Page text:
At the end of October 2013, the Standing Committee of China's National People's Congress (NPC) finalized the third draft of amendments to China's Environmental Protection Law (《环境保护法修正案（草案）》).
In light of the extensive debate so far, many speculate that the Law will undergo a fourth draft before the New Environmental Protection Law enters into force(1). Such changes would constitute the first amendment to the Law since it came into force in 1989.
Luo Jianhua (骆建华), the former deputy head of the NPC's Environment Protection and Resources Conservation Committee, explained that the amendments made so far emphasize seven key areas: i) the overall role of the law, ii) the responsibilities of local governments, iii) the sharing of environmental data, iv) preventing pollution related to farming in rural areas, v) public participation, vi) information transparency and vii) punishment(2).
The issue that has taken center stage in the debate so far surrounds class-action law suits against environmental polluters. Under the current Law, the list of claimants that can initiate class-action law suits against polluters on behalf of the public is limited, with perhaps the best known being the quasi-governmental All-China Environment Federation (中华环保联合会).
In order to effectively address areas v), vi) and vii), many argued, during the public comment phase on the second draft that, that the list should be extended to cover more claimants. Doing so might help to create, in the words of lawmaker, "a law with teeth that can bite"(3).
The third draft seems to reflect that the legislature is convinced by these arguments. It stipulates that "relevant organizations" must, in order to initiate an environmental class-action lawsuit, satisfy five conditions:
- Be a national organization,
- Be registered with the Civil Ministry,
- Have been continuously active for at least 5 years, and
- Have a "good standing".
Currently 13 organizations satisfy the requirements (1) – (3). However, as the "good standing" condition gives the court a wide discretion to reject applications, it is difficult to determine who will be able to claim if the amendment is passed.
Class-action law suits generally are a contentious topic in many countries.
The United States is often accredited with introducing the concept as way to level the playing field between individual claimants and larger, often corporate, defendants. As such, there are several examples of an individual bringing a class-action lawsuit against an environmental polluter. Perhaps the best known involves residents of the town of Hinkley in California defeating The Pacific Gas & Electric Company in what became the basis of the Hollywood film Erin Brockovich.
In Canada, there is also precedence for class-action law suits. However the grounds on which to initiate such claims are far narrower. While it is possible in the U.S. to bring a claim for mental anguish or emotional distress(4), such claims are unlikely to succeed in Canada. For example, in order for a member to raise a class action in Ontario, he must demonstrate that the class has "common issues"(5). In light of pollution often having divergent effects on peoples' health, such "common issues" have only been established in cases involving damage to property(6).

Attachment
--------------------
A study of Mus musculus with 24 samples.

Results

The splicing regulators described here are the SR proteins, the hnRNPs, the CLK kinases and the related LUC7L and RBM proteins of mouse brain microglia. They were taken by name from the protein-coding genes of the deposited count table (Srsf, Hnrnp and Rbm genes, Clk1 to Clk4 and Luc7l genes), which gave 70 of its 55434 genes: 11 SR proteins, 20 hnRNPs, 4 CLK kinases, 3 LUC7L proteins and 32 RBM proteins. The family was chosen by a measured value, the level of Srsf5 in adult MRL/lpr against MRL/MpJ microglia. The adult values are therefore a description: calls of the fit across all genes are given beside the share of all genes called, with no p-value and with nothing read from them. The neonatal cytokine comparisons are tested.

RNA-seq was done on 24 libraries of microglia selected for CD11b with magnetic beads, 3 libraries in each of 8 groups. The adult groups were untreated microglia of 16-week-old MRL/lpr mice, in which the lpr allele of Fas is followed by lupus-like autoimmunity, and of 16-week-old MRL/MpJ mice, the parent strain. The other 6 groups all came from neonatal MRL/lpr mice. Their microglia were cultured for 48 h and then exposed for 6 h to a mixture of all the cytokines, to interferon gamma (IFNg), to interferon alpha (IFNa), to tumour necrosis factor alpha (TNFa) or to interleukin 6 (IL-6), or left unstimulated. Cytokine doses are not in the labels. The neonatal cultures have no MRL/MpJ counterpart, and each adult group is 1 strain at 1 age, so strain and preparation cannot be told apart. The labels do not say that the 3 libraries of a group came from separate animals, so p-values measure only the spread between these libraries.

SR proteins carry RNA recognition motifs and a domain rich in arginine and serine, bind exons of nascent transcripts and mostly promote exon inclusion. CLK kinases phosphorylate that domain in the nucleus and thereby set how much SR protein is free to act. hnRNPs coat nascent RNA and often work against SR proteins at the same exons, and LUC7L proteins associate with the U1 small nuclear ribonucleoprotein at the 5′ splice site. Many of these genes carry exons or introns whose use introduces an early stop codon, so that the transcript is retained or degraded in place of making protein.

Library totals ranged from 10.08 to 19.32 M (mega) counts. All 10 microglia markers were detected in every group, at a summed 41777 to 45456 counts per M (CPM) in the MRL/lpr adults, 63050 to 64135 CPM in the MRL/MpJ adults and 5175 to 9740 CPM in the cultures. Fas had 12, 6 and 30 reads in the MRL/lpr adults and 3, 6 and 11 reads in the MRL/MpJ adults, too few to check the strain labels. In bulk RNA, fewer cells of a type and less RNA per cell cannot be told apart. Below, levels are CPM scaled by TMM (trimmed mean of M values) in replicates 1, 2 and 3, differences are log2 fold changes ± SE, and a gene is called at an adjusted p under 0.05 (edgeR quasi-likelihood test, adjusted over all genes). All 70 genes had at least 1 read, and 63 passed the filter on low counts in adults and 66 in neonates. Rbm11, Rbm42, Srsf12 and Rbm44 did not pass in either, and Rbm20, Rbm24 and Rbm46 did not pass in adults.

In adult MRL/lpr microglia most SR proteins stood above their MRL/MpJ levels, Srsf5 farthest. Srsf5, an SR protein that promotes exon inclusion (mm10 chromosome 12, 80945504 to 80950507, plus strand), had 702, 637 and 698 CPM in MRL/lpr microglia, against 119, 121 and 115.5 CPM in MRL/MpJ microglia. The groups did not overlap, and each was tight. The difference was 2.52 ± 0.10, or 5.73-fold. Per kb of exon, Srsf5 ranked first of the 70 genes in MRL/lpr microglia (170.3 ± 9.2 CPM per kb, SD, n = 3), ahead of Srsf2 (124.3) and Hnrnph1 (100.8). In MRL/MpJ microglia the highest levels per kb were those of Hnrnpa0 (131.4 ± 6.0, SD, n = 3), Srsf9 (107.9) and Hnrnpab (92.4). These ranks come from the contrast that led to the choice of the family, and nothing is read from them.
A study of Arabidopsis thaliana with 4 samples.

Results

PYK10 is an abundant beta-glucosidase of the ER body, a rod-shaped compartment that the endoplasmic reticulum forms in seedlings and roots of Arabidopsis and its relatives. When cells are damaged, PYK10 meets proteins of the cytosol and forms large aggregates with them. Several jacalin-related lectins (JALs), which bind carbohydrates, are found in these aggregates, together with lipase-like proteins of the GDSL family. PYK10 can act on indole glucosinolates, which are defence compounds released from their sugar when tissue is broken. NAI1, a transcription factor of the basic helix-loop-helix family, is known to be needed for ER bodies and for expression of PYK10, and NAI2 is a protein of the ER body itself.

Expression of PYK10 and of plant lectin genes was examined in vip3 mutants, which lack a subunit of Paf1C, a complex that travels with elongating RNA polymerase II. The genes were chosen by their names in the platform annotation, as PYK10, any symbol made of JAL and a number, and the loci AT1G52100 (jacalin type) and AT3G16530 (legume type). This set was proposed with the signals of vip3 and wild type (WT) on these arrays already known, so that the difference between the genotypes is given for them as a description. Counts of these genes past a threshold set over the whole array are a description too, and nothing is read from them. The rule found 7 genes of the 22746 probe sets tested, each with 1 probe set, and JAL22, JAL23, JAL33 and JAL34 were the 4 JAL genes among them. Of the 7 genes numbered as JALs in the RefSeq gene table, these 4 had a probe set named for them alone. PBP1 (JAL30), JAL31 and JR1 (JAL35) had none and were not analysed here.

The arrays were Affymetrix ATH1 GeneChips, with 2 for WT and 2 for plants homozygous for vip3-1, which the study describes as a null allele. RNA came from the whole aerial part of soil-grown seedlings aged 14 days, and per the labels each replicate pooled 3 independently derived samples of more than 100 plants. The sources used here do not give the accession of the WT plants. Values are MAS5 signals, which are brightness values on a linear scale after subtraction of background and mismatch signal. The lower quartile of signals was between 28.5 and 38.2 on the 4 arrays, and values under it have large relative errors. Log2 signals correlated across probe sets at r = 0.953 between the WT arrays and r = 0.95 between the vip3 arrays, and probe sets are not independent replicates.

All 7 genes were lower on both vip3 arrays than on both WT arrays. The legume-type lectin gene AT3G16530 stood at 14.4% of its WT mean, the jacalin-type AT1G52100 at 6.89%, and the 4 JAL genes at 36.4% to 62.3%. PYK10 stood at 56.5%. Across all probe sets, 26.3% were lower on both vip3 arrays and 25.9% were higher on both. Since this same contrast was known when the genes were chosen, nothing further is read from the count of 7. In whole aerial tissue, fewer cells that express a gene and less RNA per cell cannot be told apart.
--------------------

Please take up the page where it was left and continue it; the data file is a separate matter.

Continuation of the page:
In the United Kingdom class-action lawsuits are not possible. The most similar mechanism is the Group Litigation Order. This involves parties demonstrating to the court that their cases "give rise to common and related issues" and should therefore be managed collectively(7). It is at the complete discretion of the Judge to award such an Order. In the most recent case involving an environmental pollutant, the Court of Appeal declined to group 500 individuals claiming damages on the ground that the parties' cases were not sufficiently similar in law and in fact(8). This case is often cited to demonstrate the difficulty in establishing such similarity.
German law is similarly restrictive in allowing multi-party litigation. With very few exceptions – environmental claims against non-governmental polluters not being one of them – German law does not recognize class-action law suits. The parties can however apply to have their cases managed collectively(9).
On June 11 2013 the European Commission, the executive body of the European Union, issued a Recommendation(10) indicating that within two years Member States should adopt a mechanism for "collective redress" so as to allow claimants to seek damages or injunctive relieve on a collective basis. It specifically states that the availability of such redress would be of value for environmental protection(11). Therefore, despite the Recommendation being non-binding, it may result in class-action lawsuits against pollutants becoming available across Europe.
It is not yet possible to determine which organizations would be able to initiate class-action litigation under the third draft of the Environmental Protection Law. However moving away from a definitive list of claimants to a 4-stage test would make the law more flexible. While the status quo may be retained, it is also possible that more NGOs may be allowed to initiate proceedings. In any case, the public debate about extending the number of parties that can initiate class-action lawsuits against polluters is a welcome one. While this may foster access to justice, it may also create the "litigation culture" that the U.S. is often criticized for. Especially in the politically sensitive area of environmental protection, this may do more harm than good. The hesitation of the Canadian, UK and German legal systems in adopting class-action law suits demonstrates this risk.